Lunch in a yurt at Lake Song-Kol
Lake Song–Kol is nestled high in the mountains in the foothills of the Kyrgyz Tian Shan, fed by the glaciers that scrape down their jagged peaks. At an elevation of 3000 metres, it’s frozen for much of the year, and when the ice melts it becomes a haven for nomads from the lower pastures and trekkers from abroad. In August the jailoo (moors) around Lake Song-Kol are filled with yurts and their residents herding sheep, yaks, donkeys and horses around.
29 kilometres long, Lake Song-Kol is the second largest lake in Kyrgyzstan after the sea-like Issyk-Kul.
The two-hour drive on mostly unsealed road was bumpy and wet, rounding rugged, green, knots of hills as we drove up into the clouds. The road from Kochkor to Lake Song-Kol passes the 4000 metre mark, and I was warned about altitude sickness. Although I didn’t experience any serious trouble, for the first hour at the lake I couldn’t even look at the food which the locals offered me.
At the lake I spent a few hours strolling, taking pictures and enjoying something I had not heard for a long time; silence. The water was almost calm, gently lapping at the stones which marked the shoreline. It was cold, misty (actually in the clouds) and mysterious.
At midday I was met by Urmat, the friendly coordinator of Shepherd’s Life in Kochkor. He was a wealth of knowledge and had arranged for me to have lunch in a yurt with a local family near the lake.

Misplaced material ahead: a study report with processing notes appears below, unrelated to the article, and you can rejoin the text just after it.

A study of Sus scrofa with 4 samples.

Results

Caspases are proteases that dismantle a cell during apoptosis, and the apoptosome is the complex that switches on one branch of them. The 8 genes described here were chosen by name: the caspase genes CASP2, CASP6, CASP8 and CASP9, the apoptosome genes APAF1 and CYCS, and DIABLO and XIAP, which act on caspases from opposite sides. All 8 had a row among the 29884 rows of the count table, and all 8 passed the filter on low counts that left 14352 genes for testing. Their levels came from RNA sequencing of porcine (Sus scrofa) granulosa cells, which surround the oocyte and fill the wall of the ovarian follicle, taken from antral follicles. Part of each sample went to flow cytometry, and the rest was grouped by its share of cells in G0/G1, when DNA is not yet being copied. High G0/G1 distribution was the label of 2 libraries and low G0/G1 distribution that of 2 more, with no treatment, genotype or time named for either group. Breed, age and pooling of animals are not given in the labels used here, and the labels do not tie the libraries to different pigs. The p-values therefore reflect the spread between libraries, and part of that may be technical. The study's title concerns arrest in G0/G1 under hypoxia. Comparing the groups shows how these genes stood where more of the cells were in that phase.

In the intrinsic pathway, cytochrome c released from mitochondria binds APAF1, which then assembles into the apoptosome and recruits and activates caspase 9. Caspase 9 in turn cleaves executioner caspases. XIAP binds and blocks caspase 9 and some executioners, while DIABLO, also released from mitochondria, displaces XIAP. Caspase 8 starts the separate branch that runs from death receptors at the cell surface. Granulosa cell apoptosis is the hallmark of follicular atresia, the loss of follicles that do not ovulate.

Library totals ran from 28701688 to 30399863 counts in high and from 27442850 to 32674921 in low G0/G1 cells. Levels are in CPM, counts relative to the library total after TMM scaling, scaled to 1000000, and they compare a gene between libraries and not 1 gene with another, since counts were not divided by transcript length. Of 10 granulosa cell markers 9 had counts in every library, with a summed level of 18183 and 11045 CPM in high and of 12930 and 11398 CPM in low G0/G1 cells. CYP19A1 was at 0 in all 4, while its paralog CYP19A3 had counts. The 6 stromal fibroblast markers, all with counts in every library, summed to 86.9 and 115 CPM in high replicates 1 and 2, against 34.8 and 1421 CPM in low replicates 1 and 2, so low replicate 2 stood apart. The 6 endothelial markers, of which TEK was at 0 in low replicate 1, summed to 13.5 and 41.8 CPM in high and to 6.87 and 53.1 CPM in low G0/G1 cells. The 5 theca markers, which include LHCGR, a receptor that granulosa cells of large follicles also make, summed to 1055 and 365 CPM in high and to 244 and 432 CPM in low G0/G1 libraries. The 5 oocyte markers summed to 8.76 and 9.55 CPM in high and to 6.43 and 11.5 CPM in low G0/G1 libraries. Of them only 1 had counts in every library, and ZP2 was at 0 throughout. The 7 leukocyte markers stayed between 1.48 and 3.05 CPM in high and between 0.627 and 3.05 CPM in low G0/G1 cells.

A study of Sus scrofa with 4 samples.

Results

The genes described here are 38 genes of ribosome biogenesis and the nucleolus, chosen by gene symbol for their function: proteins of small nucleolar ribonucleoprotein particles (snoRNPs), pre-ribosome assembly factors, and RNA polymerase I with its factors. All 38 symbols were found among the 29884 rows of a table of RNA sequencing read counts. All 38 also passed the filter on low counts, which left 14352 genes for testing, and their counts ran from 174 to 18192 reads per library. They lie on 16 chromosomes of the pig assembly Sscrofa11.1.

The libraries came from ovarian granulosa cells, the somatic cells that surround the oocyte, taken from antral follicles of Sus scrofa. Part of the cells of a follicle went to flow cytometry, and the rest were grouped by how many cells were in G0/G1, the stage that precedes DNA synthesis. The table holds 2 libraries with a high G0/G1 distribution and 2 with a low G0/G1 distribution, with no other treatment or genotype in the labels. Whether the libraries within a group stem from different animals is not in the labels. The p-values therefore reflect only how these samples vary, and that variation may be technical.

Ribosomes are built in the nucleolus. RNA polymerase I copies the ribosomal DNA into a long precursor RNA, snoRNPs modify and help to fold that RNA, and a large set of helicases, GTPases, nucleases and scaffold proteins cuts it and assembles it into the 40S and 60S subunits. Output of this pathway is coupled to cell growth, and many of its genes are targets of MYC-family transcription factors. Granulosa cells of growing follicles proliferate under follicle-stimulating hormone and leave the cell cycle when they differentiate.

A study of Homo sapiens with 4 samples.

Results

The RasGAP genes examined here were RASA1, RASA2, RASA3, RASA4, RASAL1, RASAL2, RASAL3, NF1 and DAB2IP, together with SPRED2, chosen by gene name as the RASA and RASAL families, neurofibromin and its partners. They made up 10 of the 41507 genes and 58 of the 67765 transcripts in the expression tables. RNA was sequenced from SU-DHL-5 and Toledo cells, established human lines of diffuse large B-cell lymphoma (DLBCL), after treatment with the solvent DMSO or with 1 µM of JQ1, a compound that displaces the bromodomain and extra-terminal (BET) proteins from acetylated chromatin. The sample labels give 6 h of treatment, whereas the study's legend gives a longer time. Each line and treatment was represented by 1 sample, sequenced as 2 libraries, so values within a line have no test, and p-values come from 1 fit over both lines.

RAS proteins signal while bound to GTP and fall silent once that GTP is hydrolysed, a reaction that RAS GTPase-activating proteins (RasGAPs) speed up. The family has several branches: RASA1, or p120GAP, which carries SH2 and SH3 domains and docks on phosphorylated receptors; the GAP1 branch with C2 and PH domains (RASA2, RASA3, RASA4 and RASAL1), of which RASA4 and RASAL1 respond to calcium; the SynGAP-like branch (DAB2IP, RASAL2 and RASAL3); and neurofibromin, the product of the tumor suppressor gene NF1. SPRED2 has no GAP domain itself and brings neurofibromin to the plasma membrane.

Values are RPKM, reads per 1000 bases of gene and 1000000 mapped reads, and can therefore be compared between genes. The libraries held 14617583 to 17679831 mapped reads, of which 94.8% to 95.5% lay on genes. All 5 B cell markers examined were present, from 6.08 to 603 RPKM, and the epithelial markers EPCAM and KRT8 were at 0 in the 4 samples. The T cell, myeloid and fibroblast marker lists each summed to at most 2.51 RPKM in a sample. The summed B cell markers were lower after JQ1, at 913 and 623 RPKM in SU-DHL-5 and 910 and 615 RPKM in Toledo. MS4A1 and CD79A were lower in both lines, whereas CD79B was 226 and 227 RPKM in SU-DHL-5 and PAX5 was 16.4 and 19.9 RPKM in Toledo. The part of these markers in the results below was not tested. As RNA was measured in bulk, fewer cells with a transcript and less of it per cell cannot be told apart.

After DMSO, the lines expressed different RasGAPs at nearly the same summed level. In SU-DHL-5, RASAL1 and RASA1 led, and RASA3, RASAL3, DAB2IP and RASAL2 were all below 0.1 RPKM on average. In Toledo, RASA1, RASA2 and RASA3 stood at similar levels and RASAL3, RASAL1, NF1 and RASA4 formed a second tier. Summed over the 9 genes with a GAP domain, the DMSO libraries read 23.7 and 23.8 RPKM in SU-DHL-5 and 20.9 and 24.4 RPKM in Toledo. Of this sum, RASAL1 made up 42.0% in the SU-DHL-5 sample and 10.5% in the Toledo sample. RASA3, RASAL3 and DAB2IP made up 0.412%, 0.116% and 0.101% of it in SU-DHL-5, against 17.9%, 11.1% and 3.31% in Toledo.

I saw the meal made from start to finish; my hosts were in the process of turning a whole sheep into chopped lamb when I wandered behind the tent. I assume they were used to squeamish westerners who think meat comes from a supermarket fridge, because they tried to turn me away, but I told them it didn’t bother me. Once it was all in pieces I watched as the mother of the family turned those fresh morsels into a hot, hearty stew to be had with freshly baked bread. I also tried kumys, the local drink, which is actually tangy fermented mare’s milk (brave, I know!).
We had barely finished lunch and it was time to move – “the weather is closing in”, I was told, and we had a long and potentially slippery drive back to Kochkor. I was tempted to stay the night in the yurt – I had been extended an invitation, and the only thing warmer than the carpets and cushions inside the yurt was the hospitality.
However it was time for me to leave, and as a parting gift my hosts gave me a small carpet they had made, and a few pieces of kurut, dried yogurt balls which Kyrgyz people traditionally eat as snacks, especially when travelling.
On the way back I got speaking with one of my fellow passengers, a trader who was heading back to Kochkor after a day working at the lake. Translating through my driver, he described life in Kyrgyzstan and how things had changed since the end of the Soviet Union. “They used to hear helicopters at night and panic” he said, referring to his elder relatives. “Sometimes people would get picked up in the middle of the night, and they wouldn’t come back. They’d just disappear. They always hoped that the helicopters wouldn’t land near their house.”
Evidently life had changed in the cities and towns of Kyrgyzstan since the fall of communism. But my mind was still stuck back at the lake, where I felt that life and the time-honoured hospitality in that yurt had hardly changed in centuries.